The power of my writing is most evident in the brash notes I scrawl to myself on the margins of my drafts. I figure that if I write these clever suggestions down then the work is almost done, the task I assigned myself almost completed.
(taken on my MacBook)
The notes on my first draft are encouragements like “Good,” or kind reminders like “Be wary of time lapses like these.”
Some are questions to a later self: “What should each road trip segment begin with?” Maybe that one was actually a teacher-like prompt to always remember to use a capital letter.
Some notes are sophisticated, out to impress: “Jillian’s pseudo-amnesia should serve a critical plot purpose.”
Then I find these game changers: “I don’t think Jillian’s parents should die,” “Jillian doesn’t work at this bar,” (and later, on the same page, “Jillian doesn’t work here!”)
Certain notes are only for me to work out: “kind of like a trust fund, but not Eastcoast USA.”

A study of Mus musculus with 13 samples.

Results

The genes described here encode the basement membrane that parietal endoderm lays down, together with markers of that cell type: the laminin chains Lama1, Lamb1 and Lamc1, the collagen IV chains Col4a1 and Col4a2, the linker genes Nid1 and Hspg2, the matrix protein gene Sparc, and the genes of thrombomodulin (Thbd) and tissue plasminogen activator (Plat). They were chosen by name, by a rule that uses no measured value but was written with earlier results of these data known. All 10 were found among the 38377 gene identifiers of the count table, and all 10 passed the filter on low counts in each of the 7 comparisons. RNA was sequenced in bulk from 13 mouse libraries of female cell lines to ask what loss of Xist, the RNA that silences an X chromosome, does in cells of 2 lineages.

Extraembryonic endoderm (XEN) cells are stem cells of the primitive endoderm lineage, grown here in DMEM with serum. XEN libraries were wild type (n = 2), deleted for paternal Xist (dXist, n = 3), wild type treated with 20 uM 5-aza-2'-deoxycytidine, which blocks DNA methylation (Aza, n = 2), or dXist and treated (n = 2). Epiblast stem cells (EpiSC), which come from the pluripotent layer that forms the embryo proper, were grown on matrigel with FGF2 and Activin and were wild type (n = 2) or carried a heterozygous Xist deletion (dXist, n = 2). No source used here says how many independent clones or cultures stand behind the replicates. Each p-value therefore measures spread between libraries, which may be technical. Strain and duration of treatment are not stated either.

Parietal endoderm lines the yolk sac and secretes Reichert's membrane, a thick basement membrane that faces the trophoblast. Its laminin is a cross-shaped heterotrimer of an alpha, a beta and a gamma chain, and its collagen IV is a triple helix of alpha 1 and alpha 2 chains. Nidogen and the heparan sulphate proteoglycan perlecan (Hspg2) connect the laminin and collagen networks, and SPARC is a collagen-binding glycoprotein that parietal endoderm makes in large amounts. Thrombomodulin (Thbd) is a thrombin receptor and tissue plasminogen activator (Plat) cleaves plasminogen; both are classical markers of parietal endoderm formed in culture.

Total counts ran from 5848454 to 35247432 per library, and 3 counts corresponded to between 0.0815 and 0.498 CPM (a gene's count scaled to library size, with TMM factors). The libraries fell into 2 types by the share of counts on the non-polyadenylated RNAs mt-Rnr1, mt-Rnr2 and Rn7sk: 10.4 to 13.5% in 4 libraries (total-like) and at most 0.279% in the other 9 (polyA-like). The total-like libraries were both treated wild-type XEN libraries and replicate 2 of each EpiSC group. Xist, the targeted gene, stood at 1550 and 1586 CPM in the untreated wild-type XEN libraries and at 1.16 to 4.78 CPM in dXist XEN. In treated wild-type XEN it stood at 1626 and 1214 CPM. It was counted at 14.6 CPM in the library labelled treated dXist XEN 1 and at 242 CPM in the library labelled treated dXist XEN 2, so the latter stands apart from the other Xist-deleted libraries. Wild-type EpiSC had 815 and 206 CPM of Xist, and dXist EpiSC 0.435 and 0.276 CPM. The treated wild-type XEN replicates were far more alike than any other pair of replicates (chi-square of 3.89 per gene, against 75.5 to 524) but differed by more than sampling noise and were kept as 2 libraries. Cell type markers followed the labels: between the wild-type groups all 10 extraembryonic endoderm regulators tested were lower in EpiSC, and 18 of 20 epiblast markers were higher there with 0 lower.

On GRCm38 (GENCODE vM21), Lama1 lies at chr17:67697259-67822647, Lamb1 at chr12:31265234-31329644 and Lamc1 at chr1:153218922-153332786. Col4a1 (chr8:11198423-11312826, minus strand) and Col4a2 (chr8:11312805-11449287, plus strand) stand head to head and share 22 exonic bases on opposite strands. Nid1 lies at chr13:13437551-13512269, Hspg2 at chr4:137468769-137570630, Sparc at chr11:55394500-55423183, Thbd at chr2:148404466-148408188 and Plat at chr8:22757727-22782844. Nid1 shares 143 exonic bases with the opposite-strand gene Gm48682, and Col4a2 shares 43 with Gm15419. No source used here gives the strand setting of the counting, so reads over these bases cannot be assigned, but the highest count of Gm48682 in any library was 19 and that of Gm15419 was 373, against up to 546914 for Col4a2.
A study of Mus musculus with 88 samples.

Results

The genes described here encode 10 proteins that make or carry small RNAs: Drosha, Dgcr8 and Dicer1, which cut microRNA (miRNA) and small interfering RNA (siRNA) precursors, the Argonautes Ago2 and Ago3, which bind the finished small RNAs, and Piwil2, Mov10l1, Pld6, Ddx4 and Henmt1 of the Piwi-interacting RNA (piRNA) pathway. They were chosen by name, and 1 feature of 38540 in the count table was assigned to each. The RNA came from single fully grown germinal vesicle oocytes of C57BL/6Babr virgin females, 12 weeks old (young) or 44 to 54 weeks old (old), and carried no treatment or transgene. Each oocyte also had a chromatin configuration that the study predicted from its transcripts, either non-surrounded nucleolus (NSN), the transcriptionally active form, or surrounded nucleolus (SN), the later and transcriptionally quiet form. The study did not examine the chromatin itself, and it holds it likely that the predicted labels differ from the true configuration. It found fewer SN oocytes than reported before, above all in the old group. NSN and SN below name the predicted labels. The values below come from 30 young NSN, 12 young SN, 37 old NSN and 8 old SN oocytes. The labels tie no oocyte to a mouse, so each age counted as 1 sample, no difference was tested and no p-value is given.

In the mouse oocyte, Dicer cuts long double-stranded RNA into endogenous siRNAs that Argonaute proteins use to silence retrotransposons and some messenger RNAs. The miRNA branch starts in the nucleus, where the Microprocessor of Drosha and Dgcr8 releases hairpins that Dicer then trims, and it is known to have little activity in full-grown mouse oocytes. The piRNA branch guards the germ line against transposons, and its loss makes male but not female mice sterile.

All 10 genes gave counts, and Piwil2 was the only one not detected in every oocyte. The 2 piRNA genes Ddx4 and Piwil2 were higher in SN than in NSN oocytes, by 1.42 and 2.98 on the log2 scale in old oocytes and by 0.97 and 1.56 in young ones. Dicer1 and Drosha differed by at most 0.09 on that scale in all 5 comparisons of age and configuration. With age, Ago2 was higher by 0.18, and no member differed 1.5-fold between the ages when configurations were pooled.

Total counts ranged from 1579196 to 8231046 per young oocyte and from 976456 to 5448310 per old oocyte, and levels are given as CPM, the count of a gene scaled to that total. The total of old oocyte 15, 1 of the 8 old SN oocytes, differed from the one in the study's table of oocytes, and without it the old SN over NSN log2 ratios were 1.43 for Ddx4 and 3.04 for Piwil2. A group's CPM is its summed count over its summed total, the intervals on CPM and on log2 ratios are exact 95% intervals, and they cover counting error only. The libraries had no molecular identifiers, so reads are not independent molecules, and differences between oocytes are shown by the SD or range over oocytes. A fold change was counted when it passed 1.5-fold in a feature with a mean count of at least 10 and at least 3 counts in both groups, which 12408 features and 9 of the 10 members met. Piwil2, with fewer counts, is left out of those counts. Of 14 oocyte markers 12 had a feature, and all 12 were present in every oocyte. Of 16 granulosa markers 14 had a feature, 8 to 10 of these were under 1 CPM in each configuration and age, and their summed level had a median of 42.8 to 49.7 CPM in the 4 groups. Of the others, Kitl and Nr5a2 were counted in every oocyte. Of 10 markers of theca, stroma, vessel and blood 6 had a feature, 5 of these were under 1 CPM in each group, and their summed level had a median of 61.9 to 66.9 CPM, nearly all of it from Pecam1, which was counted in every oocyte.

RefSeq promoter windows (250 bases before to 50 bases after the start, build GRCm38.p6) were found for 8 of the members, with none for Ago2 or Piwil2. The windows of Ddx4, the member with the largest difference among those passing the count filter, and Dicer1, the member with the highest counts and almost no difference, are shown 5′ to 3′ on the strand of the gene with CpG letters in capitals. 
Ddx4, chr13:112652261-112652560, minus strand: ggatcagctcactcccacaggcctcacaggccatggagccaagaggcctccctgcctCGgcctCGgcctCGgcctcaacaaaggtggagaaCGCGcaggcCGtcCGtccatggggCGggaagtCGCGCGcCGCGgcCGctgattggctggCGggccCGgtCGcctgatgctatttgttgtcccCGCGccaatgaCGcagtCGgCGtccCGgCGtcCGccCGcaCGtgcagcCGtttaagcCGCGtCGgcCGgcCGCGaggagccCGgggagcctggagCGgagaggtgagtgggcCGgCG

Some notes mock me: “I muttered” is just repeated in quotation marks next to the original, to make myself aware I’m writing stupid.
Some require so much work! “A sense of freedom… change words, sentence structure, settings, action…”
Some are from a God-like writing mentor. “Describing people sets the scene just as well as describing the setting or the scene. Be attentive, do this well.”
Often the notes are so vague and indecisive they prove to be no help. “Remove (impermanently) moments that go nowhere.”
Other notes are so stern: “Jillian does not say this,” and “You can’t just make ppl rejoin the group when you never mentioned they left.”
Then there are these beauties, where I sit back and say, yeah, that’s right, and I feel motivated to change things. “Jillian cannot be this bright and okay in a conversation with a stranger the night after her life fell apart even more.”
But then my later self sits down to edit, with a pen and all these sticky notes and pink margin scrawls, and she sits back appreciatively and thinks, what’s the use in changing things when this note was so on the mark?